AP Washington DC – They say that an oppressed group who organizes is a dangerous thing. Don’t ask us who “they” are. Surely somebody sometime said something like that. And today a portion of the population that has never taken to the streets, took to the streets.
Exhausted by their long hours, frustrated with a world that tells them they’re doing it wrong no matter what they do, tired of the blame foisted on them for basically whatever choice they’ve made no matter what the circumstance, moms have finally had enough.
Sylvia J. from Cleveland, Ohio had this to say. “When I heard about the march, I knew I had to be here. If I have to watch one more talk show that tells me that I sh0uld be working when I’m staying home, or staying home when I’m working, I’m gonna take a match to the Fisher Price farm and those helmet-haired armless mutants are gonna burn.”
Organizers say that this is both a pressure release valve and a way to express feelings that often go unheard in the media at large. Caught between June Cleaver, Claire Huxtable and that chick from that gritty drama that everyone said they watched but never really did, moms are fed up with unrealistic role-models and limited wardrobe choices.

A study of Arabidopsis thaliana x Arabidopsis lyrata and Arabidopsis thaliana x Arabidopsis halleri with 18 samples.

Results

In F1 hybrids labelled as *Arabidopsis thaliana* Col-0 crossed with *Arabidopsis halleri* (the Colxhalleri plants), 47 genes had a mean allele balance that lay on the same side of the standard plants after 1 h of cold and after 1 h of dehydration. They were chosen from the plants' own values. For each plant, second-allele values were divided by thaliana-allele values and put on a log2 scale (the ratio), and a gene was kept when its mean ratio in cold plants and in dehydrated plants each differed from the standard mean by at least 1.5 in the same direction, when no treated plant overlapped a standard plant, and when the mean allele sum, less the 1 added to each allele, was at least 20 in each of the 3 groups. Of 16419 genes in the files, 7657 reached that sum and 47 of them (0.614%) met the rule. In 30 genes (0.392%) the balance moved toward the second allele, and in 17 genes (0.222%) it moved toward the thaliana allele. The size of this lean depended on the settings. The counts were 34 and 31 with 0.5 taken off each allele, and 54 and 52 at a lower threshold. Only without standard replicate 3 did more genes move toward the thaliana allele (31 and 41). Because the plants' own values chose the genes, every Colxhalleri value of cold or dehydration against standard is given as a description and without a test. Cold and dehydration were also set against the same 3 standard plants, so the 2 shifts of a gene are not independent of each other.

There were signs everywhere: being carried, strapped to strollers, taped to the family dog or the family teenager, wedged into swanky baby-carriers, or occasionally duct-taped to an unsuspecting Hare Krishna.
The sentiments were both deep and powerful.
One mother shouted through a bullhorn to encourage a group of moms linking arms to fight forced detention in turquoise minivans: “Give us your tired (because they’re not allowed to sleep), your poor (because the teenagers took your last twenty), your huddled masses yearning to be free (from watching one more goddamned episode of Dora the Explorer)!”
It was a show of strength seldom seen in Washington these days.
But what else would you expect from moms?